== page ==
Associate mathematics professor awarded Leverhulme Visiting Professorship

Amit Patel, an associate professor in the Colorado State University Department of Mathematics, has been named a Leverhulme Visiting Professor. This prestigious title comes from the Leverhulme Trust, a national grant-making organization in the United Kingdom that uses its resources to support scholarships for research and education.

With visiting professorships, UK institutions invite an eminent researcher to enhance the skills and knowledge of the students and academic staff, according to the Leverhulme Trust.

“Amit is at the forefront of essential mathematical discoveries,” said Jan Nerger, dean of the College of Natural Sciences. “This is a well-deserved honor, and the students at Queen Mary University of London will benefit greatly.”

Patel focuses on pure and applied algebraic topology, and his research focuses on developing foundations for persistent homology and related ideas.

Topology is a field of mathematics that studies the properties of a shape that continuously undergoes deformations such as stretching, twisting, crumpling, and bending without tearing the shape.

Homology is a subfield that defines and studies holes in a space, and it is useful in data science. Patel’s theory of Generalized Persistent Diagrams helped solve many of the long-standing open problems in the field of persistent homology, and it aided him in earning this fellowship.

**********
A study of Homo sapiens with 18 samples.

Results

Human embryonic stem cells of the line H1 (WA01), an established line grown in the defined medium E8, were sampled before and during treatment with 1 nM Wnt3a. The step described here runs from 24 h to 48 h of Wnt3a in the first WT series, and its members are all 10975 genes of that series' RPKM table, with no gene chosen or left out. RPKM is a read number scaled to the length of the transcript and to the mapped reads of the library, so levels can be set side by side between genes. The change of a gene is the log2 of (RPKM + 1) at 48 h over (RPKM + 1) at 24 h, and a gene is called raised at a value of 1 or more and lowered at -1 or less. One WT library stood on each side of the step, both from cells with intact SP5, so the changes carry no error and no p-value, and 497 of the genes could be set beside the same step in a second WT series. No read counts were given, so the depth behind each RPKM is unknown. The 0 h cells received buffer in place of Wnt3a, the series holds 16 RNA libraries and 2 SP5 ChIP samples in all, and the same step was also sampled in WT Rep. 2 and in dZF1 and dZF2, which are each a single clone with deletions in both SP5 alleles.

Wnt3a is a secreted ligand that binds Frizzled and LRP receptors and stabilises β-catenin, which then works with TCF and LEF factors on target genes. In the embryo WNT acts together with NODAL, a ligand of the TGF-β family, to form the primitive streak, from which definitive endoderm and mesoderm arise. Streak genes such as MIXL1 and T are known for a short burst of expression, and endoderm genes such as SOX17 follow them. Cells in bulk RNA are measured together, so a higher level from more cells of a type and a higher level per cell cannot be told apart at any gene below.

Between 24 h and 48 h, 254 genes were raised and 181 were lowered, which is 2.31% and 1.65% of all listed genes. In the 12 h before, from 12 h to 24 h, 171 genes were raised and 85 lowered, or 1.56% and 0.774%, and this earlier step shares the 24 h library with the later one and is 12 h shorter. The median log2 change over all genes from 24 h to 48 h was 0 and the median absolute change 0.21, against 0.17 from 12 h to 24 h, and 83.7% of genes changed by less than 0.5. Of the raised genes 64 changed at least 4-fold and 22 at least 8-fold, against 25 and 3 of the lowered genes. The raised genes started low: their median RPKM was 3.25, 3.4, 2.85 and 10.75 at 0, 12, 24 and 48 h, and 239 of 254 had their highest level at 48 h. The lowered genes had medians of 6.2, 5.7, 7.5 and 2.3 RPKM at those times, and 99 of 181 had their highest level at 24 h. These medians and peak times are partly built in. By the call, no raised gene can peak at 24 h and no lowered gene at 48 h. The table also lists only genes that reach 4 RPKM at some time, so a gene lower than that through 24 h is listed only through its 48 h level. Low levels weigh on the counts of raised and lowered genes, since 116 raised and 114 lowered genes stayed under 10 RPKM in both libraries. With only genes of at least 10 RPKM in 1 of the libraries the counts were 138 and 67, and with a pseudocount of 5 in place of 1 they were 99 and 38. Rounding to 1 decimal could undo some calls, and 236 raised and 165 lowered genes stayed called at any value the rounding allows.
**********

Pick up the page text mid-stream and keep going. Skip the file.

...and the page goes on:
“His experience and leadership in this area as well as running educational seminars make Prof. Patel an ideal choice for this project – to achieve both the research objectives and the knowledge transfer to Queen Mary University of London and the broader UK applied topology community,” wrote Primoz Skraba, a senior lecturer of applied and computational topology in the School of Mathematical Sciences at Queen Mary University of London, who encouraged Patel to apply for this fellowship and wrote his recommendation letter.

This fellowship helps fund Patel’s research sabbatical for a year at Queen Mary University, where he will complete a project that is many years in the making. The project will introduce a complete theory of persistent homology for stratified maps.

Patel also looks forward to learning about the latest results in stochastic topology from leading experts in the UK. In addition, Patel will fulfill his fellowship requirement to present a lecture series about his work.

“This fellowship is a recognition of my accomplishments, and a green light to keep doing what I am doing,” Patel said.